MERS virus and alkaline water

We’ve written in previous columns about the hyped-up but unproven claims of alkaline water. A patient recently related to me how she was also convinced by a local multilevel networking company to buy an expensive device worth P210,000, which is supposed to alkalinize the water she drinks so it could heal her of all her ailments.

The marketers are also capitalizing on the current Middle East respiratory syndrome (MERS) virus scare, claiming that taking alkaline water daily could boost one’s immune system to make it strong enough to combat infections like MERS virus.


She was told that recently published researches have already proven the multiple health benefits of alkaline water, and especially in warm and humid countries like the Philippines, that the best hydration one can get is from alkaline water.

There’s no question that water is one of the best natural medicines and that we should drink enough of it daily to remain healthy, but alkaline water does not really provide any additional benefit. So it would appear that all the fuss about alkaline water is more of a marketing hype rather than science-based.


Nothing new

I reviewed the scientific literature again earlier this week, but aside from testimonials and some observations, there’s nothing new to prove any health benefit which alkaline water might provide.

It’s true that patients who have an infection, whether it’s MERS virus, dengue or the ordinary flu, will benefit from adequate hydration until the body recovers, but there’s no scientific data showing that alkaline water is better than ordinary mineral or clean tap water to hydrate the patient by mouth. When one is too sick to drink water, intravenous fluids are usually given.

Supportive therapy

Most viral infections are also self-limiting, and since there’s no definitive treatment for them, supportive therapy to prevent complications are all that healthcare givers could administer until the patient recovers naturally from the infection.

At best, the claimed benefits of alkaline water are only a theoretical possibility. The marketers claim that alkaline water has a higher pH level than plain water, which can neutralize the acidity in the body and enhance the absorption of essential nutrients into the bloodstream. It’s also supposed to improve the body’s metabolism, prevent diseases and even slow the aging process.

But we’ve already explained previously that the body, by itself, should be able to maintain the right pH level in the blood and various tissues, provided one is adequately hydrated and properly nourished. This is the body’s capability to maintain “homeostasis” or balance. One does not have to drink alkaline water for this.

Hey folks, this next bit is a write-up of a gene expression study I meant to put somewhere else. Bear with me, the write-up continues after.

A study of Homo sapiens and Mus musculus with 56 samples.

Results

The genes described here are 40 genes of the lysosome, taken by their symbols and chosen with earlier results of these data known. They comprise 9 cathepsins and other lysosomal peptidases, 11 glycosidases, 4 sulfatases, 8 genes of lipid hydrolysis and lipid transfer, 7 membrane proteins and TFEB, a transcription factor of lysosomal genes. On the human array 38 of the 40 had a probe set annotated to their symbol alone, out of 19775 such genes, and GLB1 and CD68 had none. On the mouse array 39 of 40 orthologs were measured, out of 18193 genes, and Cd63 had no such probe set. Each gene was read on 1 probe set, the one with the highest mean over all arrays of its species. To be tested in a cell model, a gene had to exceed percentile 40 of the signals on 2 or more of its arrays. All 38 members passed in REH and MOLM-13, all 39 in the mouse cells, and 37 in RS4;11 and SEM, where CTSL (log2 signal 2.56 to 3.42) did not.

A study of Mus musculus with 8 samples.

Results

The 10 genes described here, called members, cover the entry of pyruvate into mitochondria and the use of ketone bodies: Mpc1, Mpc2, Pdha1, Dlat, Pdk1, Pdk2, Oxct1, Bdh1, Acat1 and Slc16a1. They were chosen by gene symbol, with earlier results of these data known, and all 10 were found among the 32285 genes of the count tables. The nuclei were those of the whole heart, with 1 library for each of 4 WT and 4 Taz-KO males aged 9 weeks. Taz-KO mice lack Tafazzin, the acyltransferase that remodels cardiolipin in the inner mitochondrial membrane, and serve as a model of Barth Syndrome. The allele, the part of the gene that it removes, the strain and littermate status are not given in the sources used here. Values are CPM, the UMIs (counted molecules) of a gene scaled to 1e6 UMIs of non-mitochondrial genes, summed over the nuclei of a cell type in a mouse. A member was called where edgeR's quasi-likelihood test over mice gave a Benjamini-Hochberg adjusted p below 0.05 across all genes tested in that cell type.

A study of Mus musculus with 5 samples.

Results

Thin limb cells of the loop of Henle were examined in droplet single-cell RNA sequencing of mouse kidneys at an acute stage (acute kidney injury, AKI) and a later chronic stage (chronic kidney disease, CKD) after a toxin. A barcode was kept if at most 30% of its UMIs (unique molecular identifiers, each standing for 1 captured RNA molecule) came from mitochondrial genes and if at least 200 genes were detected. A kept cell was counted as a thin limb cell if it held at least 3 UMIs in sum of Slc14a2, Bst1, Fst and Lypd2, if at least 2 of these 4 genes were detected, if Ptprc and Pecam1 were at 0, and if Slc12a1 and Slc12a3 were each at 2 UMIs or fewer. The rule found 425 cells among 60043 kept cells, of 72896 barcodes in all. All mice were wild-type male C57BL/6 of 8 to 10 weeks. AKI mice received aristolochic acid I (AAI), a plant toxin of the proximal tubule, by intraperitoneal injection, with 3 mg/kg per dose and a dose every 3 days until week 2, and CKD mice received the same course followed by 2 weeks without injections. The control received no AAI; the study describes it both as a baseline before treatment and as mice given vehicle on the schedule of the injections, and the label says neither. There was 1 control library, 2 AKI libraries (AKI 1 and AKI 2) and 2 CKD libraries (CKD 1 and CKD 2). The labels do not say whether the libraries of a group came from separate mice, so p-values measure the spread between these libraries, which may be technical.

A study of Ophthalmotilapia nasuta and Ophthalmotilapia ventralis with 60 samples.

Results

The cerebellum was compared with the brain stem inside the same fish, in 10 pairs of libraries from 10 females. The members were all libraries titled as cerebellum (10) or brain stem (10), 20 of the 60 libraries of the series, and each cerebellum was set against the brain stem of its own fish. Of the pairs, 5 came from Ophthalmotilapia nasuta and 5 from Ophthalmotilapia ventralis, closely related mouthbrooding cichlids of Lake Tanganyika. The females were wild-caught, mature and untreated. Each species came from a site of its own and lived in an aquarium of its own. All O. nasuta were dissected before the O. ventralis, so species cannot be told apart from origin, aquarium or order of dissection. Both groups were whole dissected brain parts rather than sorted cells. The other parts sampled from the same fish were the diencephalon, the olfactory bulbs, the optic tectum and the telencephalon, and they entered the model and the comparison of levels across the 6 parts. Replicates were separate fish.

Homeostasis maintains internal stability, characterized by the coordinated response of the various organ-systems in the body to any situation or stimulus that would tend to disturb its normal state or function.

Enough water in the diet plus eating several servings of fruits and vegetables would be sufficient to maintain the body’s optimal pH.

It’s true though that when one has longstanding kidney disease, this compensatory mechanism may be disrupted. But rather than spend a hefty sum for alkaline water devices, one can just take sodium bicarbonate tablets which should be more effective and definitely a lot cheaper.

False, deceptive claims

I’m not sure if these water-alkalinizing devices have been approved by our Philippine Food and Drug Administration (FDA). If so, that would be ironic since early last year, the FDA came out with an advisory warning the public on the “false, deceptive and misleading claims and strategies to promote alkaline water and oxygenated water.”

Dr. Kenneth Hartigan-Go, then FDA director and now health undersecretary, reproached establishments operating vendo-type outlets or filling stations, and those engaged in the manufacture, importation and distribution of water purification devices for their “unsubstantiated therapeutic claims in the promotion and marketing of their products and/or purification device allegedly producing water known as ‘alkaline water’ or ‘oxygenated water.’”

So the bottom line on alkaline water is that from the scientific standpoint, there’s still no strong indication that can justify the big amount consumers are spending on it. I don’t want to call it a scam, but it’s ripping off a lot of gullible people who could use the money for the more essential things.